Descartes’ Theorem from our “Zome Geometry” book

We decided to kick of 2015 with a Zometool project. Flipping through Zome Geometry last night I found a neat section on Descartes’ Theorem for polyhedra. This project made for a fun start to the year.

We built the 7 shapes that we’d need for the project before we started filming. I didn’t tell the boys what we’d be doing with the shapes, though, it was just prep work.

In the first part of our talk this morning I explained the procedure that we needed to follow to explore Descartes’ Theorem and then we worked through the calculation for both a cube and a tetrahedron. There was a little bit of confusion getting going with the process, but we were able to complete the calculation for both shapes. In addition to the geometry, there is lots of good arithmetic practice in this project!


For the next part of the project we completed the calculation in Descartes’ Theorem for a dodecahedron, an icosahedron, and an octahedron. The one little bit of extra work we had in this section was completing the calculation for the dodecahedron – it wasn’t obvious what the angles in a pentagon where, but we figured it out:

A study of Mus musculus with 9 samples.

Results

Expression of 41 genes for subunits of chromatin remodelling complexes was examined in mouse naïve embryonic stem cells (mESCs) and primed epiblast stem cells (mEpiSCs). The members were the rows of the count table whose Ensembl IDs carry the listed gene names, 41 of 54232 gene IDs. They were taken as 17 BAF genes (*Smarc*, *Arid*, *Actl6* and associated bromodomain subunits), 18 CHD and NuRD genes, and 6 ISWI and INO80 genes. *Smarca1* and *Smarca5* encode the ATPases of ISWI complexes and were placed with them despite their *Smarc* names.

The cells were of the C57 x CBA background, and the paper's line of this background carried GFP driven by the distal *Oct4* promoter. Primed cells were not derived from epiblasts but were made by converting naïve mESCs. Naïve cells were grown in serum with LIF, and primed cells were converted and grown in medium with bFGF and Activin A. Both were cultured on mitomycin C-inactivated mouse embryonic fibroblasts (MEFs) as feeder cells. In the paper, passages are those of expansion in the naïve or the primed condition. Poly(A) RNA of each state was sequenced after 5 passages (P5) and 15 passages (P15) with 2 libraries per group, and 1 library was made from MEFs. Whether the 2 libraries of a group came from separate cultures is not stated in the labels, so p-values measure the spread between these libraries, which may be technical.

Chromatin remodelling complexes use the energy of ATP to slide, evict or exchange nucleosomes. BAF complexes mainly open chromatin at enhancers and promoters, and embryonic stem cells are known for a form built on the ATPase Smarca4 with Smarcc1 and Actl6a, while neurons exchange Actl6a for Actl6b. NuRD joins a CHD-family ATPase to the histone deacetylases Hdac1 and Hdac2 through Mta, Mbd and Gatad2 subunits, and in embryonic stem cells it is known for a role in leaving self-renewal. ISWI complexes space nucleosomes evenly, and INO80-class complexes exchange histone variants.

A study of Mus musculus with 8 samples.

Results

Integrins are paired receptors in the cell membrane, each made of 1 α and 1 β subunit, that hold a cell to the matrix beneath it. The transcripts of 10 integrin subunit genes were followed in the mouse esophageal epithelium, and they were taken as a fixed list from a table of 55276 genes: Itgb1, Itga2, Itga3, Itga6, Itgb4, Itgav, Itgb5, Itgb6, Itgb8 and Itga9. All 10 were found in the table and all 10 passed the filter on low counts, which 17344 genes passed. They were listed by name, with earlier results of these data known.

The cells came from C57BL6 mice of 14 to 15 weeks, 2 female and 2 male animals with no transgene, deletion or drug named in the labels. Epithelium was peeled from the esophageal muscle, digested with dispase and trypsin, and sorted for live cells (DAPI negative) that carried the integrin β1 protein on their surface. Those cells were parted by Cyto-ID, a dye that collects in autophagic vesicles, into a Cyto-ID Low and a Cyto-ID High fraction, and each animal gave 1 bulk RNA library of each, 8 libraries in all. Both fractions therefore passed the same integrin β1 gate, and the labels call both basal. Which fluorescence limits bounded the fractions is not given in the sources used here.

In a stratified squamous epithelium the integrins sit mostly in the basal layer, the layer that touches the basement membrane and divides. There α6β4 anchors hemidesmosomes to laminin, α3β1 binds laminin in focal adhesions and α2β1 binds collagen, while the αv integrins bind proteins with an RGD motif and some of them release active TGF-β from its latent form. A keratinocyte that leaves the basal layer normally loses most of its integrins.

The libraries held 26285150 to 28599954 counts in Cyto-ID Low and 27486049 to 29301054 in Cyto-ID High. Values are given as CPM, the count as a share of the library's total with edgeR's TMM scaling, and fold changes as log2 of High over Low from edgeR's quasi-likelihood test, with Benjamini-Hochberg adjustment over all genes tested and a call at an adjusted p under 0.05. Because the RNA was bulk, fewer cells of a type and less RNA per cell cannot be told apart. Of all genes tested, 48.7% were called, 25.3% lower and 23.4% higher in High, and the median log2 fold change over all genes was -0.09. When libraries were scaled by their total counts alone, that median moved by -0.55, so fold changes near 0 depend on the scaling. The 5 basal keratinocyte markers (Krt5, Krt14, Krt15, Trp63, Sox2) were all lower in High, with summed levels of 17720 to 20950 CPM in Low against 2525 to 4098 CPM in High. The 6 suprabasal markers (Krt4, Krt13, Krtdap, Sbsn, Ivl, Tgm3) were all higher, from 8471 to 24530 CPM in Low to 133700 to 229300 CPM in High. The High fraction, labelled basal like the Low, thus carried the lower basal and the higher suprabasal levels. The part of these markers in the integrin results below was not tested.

Next we moved to a slightly more complicated shape – a pyramid having a pentagon for a base. The difficulty here is that we don’t know the exact values of the angles. However, we do expect that following the procedure for Descartes’ Theorem should end up with a value of 720 degrees. We went through this computation and discovered the surprising fact that it doesn’t matter what the angles are. Nice one, Zome Geometry authors 🙂 :


The last part of our project was studying at a solid that could not deform into a sphere. This talk was interesting because it wasn’t super easy for the boys to see the shape. I probably should have used paper or something to make the shape solid, though maybe the discussion about what intersections in the Zome set were actually corners was helpful. Not sure how this one will work on video, but hopefully it is useful. Even with the slightly disjointed discussion, we did get to a different answer than we’d gotten to before. That was fun and it showed the boys that this shape was somehow different than the prior shapes, and a fairly simple procedure of counting angles could help us understand the difference:


So, another fun project from Zome Geometry. The Zome construction in this one isn’t too difficult, which is nice. This project gives lots of opportunities to expand on some basic 2d and 3d geometric knowledge and also plenty of opportunities to build on number sense. Fun way to start 2015.